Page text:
Post-hoc segmentation often utilizes information collected via surveys. If properly designed, these surveys can help to classify respondents into groups that are relatively homogenous and distinct from one another. For many businesses, existing data sources can also be used to segment groups, such as transaction records (which include variables such as company size, the amount of business conducted, and geographic indicators, among others.)
Segmentation models also can be derived from a variety of input or "basis" variables. Some examples of basis variables include product attribute preferences, benefits sought, product usage profiles, and price sensitivity, among many others. The key is to identify a reasonable number of groups of respondents who provide similar answers to the basis variable questions. These questions must be carefully considered to ensure that the results of the segmentation provides an accurate market model that identifies target customers or clients, but also clearly identifies distinct needs, wants, and behavior patterns.
Types of Post-Hoc Segmentation
There are three primary methods used in post-hoc cluster analysis: hierarchical clustering, k-means clustering, and two-step clustering.
Hierarchical clustering is generally used for smaller samples of less than 250 respondents. This method requires that the researcher or analyst determine three properties that will be used to analyze the data, including how similarity or distance is measured, how the data clusters are aggregated, and the number of clusters that are needed. Data must be crunched several times in order to ensure that each cluster is as distinct as possible, and different enough from the other clusters. However, given the relatively small sample size, some clusters may be nested inside of others, rather than being mutually exclusive.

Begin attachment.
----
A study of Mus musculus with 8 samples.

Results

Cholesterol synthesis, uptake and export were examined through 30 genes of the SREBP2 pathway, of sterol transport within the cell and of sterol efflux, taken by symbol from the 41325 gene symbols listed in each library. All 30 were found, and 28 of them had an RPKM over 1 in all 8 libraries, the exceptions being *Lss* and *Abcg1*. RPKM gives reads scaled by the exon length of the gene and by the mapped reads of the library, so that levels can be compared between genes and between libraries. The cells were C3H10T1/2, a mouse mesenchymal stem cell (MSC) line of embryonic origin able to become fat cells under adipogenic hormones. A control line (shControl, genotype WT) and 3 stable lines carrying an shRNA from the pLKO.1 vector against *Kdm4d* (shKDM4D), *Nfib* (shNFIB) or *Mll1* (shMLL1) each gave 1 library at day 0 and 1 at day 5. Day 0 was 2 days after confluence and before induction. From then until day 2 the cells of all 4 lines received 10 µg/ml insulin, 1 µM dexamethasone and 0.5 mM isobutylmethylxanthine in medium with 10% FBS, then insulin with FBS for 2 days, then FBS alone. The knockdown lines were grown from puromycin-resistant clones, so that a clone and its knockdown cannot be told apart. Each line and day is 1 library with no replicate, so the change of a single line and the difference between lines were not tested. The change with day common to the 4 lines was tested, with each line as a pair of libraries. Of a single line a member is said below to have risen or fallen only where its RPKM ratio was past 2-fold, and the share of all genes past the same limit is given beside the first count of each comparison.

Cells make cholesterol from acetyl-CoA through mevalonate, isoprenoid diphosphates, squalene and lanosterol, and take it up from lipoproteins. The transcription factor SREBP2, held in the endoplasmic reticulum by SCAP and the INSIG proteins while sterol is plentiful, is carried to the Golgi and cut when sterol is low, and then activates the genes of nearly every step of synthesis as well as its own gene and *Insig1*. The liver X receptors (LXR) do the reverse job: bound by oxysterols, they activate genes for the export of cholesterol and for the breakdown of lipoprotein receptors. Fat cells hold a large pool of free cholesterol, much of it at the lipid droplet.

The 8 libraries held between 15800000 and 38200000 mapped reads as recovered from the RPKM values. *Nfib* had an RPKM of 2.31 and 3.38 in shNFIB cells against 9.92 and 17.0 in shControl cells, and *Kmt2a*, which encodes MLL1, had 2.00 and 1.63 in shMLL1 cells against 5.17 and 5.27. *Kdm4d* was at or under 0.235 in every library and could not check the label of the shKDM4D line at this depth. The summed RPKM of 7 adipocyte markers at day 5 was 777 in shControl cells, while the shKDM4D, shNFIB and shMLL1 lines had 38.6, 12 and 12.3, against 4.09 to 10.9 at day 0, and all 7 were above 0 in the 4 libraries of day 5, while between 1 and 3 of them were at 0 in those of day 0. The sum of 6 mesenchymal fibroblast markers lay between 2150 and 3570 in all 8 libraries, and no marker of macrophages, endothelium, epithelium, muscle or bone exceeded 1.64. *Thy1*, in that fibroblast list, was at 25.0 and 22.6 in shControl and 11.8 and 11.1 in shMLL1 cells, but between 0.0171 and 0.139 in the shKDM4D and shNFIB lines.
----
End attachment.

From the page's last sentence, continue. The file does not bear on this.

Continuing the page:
For larger sample sizes, analysts can use k-means clustering, which involves the use of Euclidean distance to establish a minimum variance within each cluster (ensuring that the cluster is, in fact, a distinct grouping of respondents, with similar characteristics, views, or behaviors.) K-means clustering also ensures that each cluster is distinct from all others, to prevent clusters from overlapping each other, and muddying the resulting analysis. In k-means clustering, the researcher or analyst must initially designate the number of clusters desired, and then the data is crunched in successive passes, with the cluster centers changing on each pass, until the desired segmentation is achieved.
Finally, for very large sample sizes, two-step clustering is often deployed because it only requires a single pass through the data set in order to provide results. Two-step clustering requires that cases (individual observations, participants, or survey respondents, etc.) are grouped together into pre-clusters. Then, these pre-clusters are then treated as single cases in a hierarchical cluster analysis to reach a final segmentation.
Regardless of the method used, post-hoc segmentation analysis can yield a significantly greater level of detail and insight into customer or client behaviors, and allow a far more precise strategy for micro-marketing and targeting to be developed.